FIU Health CEO Fernando Valverde gears for accreditation at college of medicine, targets "medical city' for the campus
As head of FIU Health, Florida International University's educational and clinical enterprise, Fernando Valverde is putting his 30 years of experience to work for South Florida health care.
Before joining the FIU team, Mr. Valverde worked in both inpatient and outpatient settings. He founded a medical management company that oversaw the operation of 15 medical offices, 50 physicians and 500 employees.
He continued to head the enterprise once the company sold to a national competitor. Under his leadership the company grew to boast 1,000 employees, 70 medical offices and $250 million in revenue.
In his 30 years, Mr. Valverde has seen the health care industry change firsthand.
"It's changed from a fragmented industry to a very well-organized, corporate environment where you have large HMOs, large hospital systems," he said. "Physician practices now are 50 to 100 in one group practice. It's gone from a fragmented system to a much more consolidated industry.
"Miami was one of the first areas in the country to begin this consolidation process, and so we had the whole program of 50 hospitals scattered throughout South Florida. Now we have four or five large hospital systems, because it's all consolidated in an industry for HMOs."
But as Miami health care consolidates, FIU is trying to expand. Mr. Valverde said that he hopes to partner with an affiliate clinical hospital system to bring a "medical city" to the campus.
"The medical city concept is basically developing clinical sites in one area of FIU, which is the northeast corner," he said. "It's at 107th [Avenue] and Eighth Street, and in that northeast corner we have 20 to 25 acres of land that allows us to develop an area that will have clinical, research and education all in one area."
While Mr. Valverde's role as associate dean of the College of Medicine places him at the helm of all business development efforts, he also works as a professor at the university.
In a mission to train South Florida's finest, FIU Health works with its many educational partners to place students in health systems that will best allow them to perfect their field of study.
"This is an opportunity for us to determine which one of these hospital systems we think has the best service on a particular specialty to get our students education," he said. "We sort of cherry-picked, if you will, for these affiliations — the best venues for our students to be educated."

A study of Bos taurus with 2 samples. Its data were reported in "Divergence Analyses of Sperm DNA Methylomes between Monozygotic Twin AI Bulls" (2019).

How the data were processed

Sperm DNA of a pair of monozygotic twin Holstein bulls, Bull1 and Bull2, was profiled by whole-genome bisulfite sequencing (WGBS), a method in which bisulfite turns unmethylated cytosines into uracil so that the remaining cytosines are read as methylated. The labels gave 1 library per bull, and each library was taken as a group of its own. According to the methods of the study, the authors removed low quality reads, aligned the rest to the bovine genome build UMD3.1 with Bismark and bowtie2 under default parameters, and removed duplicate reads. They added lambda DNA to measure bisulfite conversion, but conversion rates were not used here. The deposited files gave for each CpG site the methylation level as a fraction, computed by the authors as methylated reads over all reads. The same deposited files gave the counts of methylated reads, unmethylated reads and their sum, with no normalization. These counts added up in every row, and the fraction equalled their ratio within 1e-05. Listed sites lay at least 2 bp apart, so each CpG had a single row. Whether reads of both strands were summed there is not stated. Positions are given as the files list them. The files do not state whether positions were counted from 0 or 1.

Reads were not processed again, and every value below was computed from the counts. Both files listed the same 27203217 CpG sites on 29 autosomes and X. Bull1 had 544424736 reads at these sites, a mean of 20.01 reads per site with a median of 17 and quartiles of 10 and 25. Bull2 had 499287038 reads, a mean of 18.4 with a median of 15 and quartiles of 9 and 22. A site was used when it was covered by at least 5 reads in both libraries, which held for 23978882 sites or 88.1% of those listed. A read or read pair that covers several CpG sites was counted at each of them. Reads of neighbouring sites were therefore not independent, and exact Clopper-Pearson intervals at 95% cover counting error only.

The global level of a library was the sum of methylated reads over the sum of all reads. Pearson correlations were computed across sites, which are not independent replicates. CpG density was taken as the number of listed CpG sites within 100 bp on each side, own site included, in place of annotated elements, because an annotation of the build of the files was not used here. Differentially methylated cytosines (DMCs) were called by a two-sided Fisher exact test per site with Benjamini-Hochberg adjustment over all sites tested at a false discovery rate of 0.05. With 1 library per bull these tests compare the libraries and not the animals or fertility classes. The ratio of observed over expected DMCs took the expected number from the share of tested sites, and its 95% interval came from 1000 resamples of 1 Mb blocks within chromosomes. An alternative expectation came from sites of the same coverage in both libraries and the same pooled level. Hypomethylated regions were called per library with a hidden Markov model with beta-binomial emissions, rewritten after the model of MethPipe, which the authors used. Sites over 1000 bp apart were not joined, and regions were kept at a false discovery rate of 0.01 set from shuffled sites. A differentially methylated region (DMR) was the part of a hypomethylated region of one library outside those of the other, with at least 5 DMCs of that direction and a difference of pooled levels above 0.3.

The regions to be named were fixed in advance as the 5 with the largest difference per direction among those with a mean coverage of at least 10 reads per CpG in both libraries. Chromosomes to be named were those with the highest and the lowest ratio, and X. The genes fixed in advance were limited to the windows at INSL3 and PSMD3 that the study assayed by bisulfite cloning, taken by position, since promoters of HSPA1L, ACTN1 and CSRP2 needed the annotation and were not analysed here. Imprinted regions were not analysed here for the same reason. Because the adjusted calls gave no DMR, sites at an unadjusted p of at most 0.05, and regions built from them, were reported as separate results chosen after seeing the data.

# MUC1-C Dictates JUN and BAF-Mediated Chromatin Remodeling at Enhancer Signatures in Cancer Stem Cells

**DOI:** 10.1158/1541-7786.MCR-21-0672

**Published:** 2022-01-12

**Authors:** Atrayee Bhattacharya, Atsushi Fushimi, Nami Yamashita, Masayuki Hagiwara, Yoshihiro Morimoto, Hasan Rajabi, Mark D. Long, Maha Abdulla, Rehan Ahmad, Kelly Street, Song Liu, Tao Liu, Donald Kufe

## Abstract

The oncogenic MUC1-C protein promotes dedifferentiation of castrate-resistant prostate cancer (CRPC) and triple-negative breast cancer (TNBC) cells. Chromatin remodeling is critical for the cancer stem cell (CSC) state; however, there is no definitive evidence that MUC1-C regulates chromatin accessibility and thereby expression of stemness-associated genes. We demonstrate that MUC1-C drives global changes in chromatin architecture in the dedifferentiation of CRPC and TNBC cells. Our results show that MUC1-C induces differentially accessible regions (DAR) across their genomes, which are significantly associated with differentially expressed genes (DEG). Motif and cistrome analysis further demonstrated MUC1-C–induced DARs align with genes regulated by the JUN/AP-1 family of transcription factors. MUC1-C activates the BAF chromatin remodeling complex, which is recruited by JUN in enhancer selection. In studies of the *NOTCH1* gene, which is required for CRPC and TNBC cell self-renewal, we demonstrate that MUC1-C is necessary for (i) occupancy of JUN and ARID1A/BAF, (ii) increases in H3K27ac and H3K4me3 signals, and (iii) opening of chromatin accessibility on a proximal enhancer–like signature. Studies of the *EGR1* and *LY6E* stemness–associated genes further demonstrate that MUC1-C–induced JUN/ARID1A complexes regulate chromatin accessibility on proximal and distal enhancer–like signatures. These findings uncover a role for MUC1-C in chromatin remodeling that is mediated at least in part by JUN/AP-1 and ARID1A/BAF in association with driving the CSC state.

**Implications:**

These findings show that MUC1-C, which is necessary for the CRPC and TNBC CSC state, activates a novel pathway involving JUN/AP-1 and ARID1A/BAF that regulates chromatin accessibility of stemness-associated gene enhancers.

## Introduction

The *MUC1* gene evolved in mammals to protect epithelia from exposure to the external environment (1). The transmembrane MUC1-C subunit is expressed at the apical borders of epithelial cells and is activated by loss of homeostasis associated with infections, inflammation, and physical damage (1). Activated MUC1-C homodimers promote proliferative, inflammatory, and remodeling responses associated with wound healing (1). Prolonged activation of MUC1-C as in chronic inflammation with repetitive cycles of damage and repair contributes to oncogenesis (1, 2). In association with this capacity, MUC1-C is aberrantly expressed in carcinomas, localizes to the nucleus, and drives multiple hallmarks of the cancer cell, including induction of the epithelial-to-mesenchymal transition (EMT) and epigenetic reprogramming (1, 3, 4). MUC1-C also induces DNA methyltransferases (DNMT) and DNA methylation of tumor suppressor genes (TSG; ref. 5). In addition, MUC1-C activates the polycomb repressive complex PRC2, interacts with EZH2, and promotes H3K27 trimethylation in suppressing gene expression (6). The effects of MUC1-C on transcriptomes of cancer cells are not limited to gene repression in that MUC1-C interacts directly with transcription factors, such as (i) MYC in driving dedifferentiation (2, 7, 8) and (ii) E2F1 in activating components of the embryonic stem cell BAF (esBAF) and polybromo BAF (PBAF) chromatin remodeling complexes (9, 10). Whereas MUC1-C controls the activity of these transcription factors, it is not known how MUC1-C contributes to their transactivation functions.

The school's diverse curriculum and attention to detail has caught the attention of many local and international med-school applicants. FIU's medical school has grown significantly in its first three years — a trend that Mr. Valverde hopes to continue with its next class of students.
"The college accepted its first class in '09," he said. "We had 3,200 applicants for 40 spots and it was a highly-contested process to accept these 40 students. The majority — 70% to 80% — come from the state of Florida. The second class was 80 students, and now the third class is 80 students as well. The fourth class is going to be 120 students
Every year we have over 4,000 applicants for these positions. We're selecting some very highly qualified, well-diversified individuals."
Mr. Valverde discussed his career in the health care industry, as well as the future of FIU Health, with Miami Today staff writer Ashley Hopkins at his campus office.
To read the entire issue of Miami Today online, subscribe to e -Miami Today, an exact digital replica of the printed edition.
To read this profile article in its entirety,
subscribe to e-MiamiToday.
With the e-MiamiToday you will be able to read
the entire contents of Miami Today online
exactly as it appears in print.
Or order this issue, to receive a regular
printed copy of this week’s Miami
Today. You may also subscribe to the printed
edition of Miami Today to receive the newspaper
every week by mail.
If you are reading this in Miami Today’s “Online
Archive” as an archived web page and
would like to see the entire article that
was published, call Miami Today, 305-358-2663
and ask for the Circulation Department.